I Know Why the Caged Bird Sings: Essay Q&A
1. Describe how the narrator perceives herself.
As Maya grows up, she refers to her appearance in negative terms. At the age of 16, she continues to regard herself as plain and unattractive and this is perhaps emblematic of her low self-esteem. Her descriptions of herself as a young girl are similarly negative, as she would rather have the blonde hair and blue eyes of the white child film actresses than her African-American features, thin legs and ‘kinky mass’ of hair. As a child, she appears to have internalized the dominant view of what defines beauty. Interestingly, her criticisms do not extend to other African-Americans; for example, she sees her brother as handsome and her ‘Kingdom Come’ and is defensive of Mother’s attractiveness. It is as though Maya is not comfortable in her own skin, but is able to understand the racist connotations that define prettiness in terms of Aryanism.
Her negative self-perception is countered somewhat, though, by her actions that challenge the stereotypes allotted to her and other African-Americans. Her narrative is littered with pride for her strong grandmother and mother and her decision to be the first African-American employee on the San Francisco streetcars demonstrates a similar determination against adverse conditions.
2. How is Stamps in the 1930s described?
Angelou’s memories of her childhood in Stamps are dominated by her Momma’s influence and the working life of the Store. She remembers these aspects with a nostalgia that is unclouded by sentimentality, though, as she is always quick to register the overwhelming racism that underpins the fear in the community.
She recalls that Stamps is so completely segregated that as a child she used to wonder if white people actually existed. Although she appears to rarely move out of her immediate vicinity, she and her fellow African-Americans are always aware of the dread of racism and the casual deathly violence that hovers over the town.
3. Consider the rape of Maya and her turn to silence after the death of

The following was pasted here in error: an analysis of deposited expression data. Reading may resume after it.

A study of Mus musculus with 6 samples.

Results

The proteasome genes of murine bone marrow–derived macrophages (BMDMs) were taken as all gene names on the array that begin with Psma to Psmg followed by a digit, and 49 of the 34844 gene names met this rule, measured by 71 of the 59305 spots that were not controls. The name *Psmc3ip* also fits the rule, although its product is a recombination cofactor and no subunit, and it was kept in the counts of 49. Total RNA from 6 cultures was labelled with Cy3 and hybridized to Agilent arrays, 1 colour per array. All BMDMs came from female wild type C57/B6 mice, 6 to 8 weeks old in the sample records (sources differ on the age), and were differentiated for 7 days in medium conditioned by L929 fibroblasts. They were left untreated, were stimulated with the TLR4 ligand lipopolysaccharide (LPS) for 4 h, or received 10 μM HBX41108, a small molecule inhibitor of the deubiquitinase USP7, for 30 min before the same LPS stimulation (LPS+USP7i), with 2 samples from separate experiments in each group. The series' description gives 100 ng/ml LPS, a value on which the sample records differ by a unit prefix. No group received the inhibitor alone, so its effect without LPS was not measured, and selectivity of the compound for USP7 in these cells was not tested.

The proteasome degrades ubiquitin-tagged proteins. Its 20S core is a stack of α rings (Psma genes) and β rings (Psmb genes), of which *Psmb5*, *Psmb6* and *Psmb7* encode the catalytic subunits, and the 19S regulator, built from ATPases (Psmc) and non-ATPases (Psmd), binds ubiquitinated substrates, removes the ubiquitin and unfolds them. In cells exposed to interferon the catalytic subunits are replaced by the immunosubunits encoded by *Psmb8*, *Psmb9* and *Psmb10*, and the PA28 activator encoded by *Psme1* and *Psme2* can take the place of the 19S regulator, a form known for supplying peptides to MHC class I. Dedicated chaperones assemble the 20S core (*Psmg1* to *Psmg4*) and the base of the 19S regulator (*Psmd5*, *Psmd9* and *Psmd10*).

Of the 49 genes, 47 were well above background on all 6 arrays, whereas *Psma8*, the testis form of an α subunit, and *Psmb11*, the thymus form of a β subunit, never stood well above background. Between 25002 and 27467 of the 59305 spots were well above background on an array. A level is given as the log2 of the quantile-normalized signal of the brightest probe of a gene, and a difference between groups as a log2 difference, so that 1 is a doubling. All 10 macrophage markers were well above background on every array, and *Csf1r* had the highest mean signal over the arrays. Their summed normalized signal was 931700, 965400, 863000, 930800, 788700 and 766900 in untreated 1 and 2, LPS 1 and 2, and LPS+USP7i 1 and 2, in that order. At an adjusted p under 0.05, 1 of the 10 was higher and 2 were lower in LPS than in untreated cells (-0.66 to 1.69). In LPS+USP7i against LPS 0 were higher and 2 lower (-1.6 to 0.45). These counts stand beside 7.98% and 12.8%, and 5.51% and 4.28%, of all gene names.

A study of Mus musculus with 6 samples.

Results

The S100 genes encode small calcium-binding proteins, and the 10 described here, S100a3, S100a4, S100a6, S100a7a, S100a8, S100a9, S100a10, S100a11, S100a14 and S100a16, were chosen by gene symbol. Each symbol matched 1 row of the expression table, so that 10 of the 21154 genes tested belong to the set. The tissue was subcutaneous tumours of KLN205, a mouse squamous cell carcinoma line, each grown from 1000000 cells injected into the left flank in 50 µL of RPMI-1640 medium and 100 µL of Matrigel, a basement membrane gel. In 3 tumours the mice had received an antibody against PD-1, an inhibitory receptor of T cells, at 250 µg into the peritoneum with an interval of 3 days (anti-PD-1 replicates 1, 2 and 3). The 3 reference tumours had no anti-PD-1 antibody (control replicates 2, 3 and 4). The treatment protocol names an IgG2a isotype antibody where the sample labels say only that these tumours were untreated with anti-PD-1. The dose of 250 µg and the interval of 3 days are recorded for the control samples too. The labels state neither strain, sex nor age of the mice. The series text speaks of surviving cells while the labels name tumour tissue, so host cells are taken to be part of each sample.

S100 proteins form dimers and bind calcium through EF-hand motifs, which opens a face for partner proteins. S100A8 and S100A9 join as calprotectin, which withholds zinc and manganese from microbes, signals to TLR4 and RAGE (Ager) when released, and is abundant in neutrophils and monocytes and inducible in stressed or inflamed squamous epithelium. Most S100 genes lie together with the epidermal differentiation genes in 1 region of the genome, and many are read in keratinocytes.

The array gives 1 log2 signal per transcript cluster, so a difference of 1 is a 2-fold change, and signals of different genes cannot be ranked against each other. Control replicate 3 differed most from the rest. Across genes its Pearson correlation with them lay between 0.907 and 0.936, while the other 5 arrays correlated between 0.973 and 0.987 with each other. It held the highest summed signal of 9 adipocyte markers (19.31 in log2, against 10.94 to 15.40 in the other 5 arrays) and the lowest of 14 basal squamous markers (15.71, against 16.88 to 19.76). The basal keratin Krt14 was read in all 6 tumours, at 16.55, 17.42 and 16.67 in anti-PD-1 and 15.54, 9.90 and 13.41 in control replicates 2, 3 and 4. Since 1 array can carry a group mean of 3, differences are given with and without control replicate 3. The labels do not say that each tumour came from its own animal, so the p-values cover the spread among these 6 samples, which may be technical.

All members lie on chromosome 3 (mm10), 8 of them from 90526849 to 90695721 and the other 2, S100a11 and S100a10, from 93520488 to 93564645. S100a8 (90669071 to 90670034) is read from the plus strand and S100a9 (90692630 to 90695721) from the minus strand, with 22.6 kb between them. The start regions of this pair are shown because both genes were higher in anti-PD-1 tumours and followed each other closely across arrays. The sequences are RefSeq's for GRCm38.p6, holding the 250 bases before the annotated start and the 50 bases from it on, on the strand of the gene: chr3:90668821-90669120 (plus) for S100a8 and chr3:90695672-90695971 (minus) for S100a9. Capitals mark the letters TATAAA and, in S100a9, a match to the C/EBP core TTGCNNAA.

Maya is sexually abused and later raped by Mother’s boyfriend at the age of eight and this has, of course, an enormous impact on her that is both physical and mental. She is depicted as being so guilt ridden by his murder, after not admitting in court that he had ‘touched’ her before, that she decides to stop speaking rather than risk being to blame for somebody else’s death.
Her logic is entangled in kindness and guilt and the lack of understanding shown to her after the court case is seen to compound these emotions. By retreating into silence she also separates herself from the unbearable reality of the present. It is through the ‘lifeline’ of books, which are re-introduced to Maya by Mrs. Bertha Flowers, that she begins to communicate again. Mrs. Flowers teaches her the beauty in words and perhaps teaches her to remember the joy she is able to take in language.
4. Examine the role of autobiography in giving a voice to marginalized experiences.
Angelou’s series of autobiographies are an account of a life that is far removed from what was the traditional source of autobiographical work: a bourgeois, white male’s thoughts and actions. The life story of an African-American woman has rarely been considered worthy of being reported let alone published in a society that is dominated by a patriarchal and racist ideology. On account of her race and gender, she has been doubly marginalized, but her autobiographies allow for some countering against this hegemony.
Roland Barthes’ essay entitled ‘The Death of the Author’ (1968) questioned the authority of the author when interpreting a text and also puts into doubt the possibility of the author revealing absolute truths. Published in 1970, I Know Why the Caged Bird Sings is a reminder that despite the validity of poststructuralist arguments (such as those made by Barthes), the marginalized writer has traditionally been given no authority any way. The autobiography allows for the overlooked experiences to be shifted away from the edges of mainstream thinking to the center.
5. Analyse the way racism is questioned in this work.
Racism is a central theme of this book and Angelou challenges it at every turn. She depicts the madness (and fact) of segregation in the small Southern town that she grew up in and in so doing she challenges the naturalization of supposed white superiority. In addition to this, by looking at racism from a child’s point of view, the narrative points out the illogic yet cruel ways that racism has been allowed to continue.
When Maya relates to the readers, for example, how as a child she wishes she had the blue eyes and blond hair of the white movie stars, she makes the point about how racism seeps into every aspect of her life. Her identity is flawed, according to the dominant, overarching definitions of beauty, and she internalizes this view.
Violence also underpins the ideology of racism and this fear is ever present in Stamps when whites intrude into her life story. The pleasure of walking into the white part of town is always tainted by the dread of confrontation and the knowledge of being disliked for the color of her skin. By examining the effects of racism from her perspective, this abuse of power is shown to be the irrational and controlling crime that it continues to be.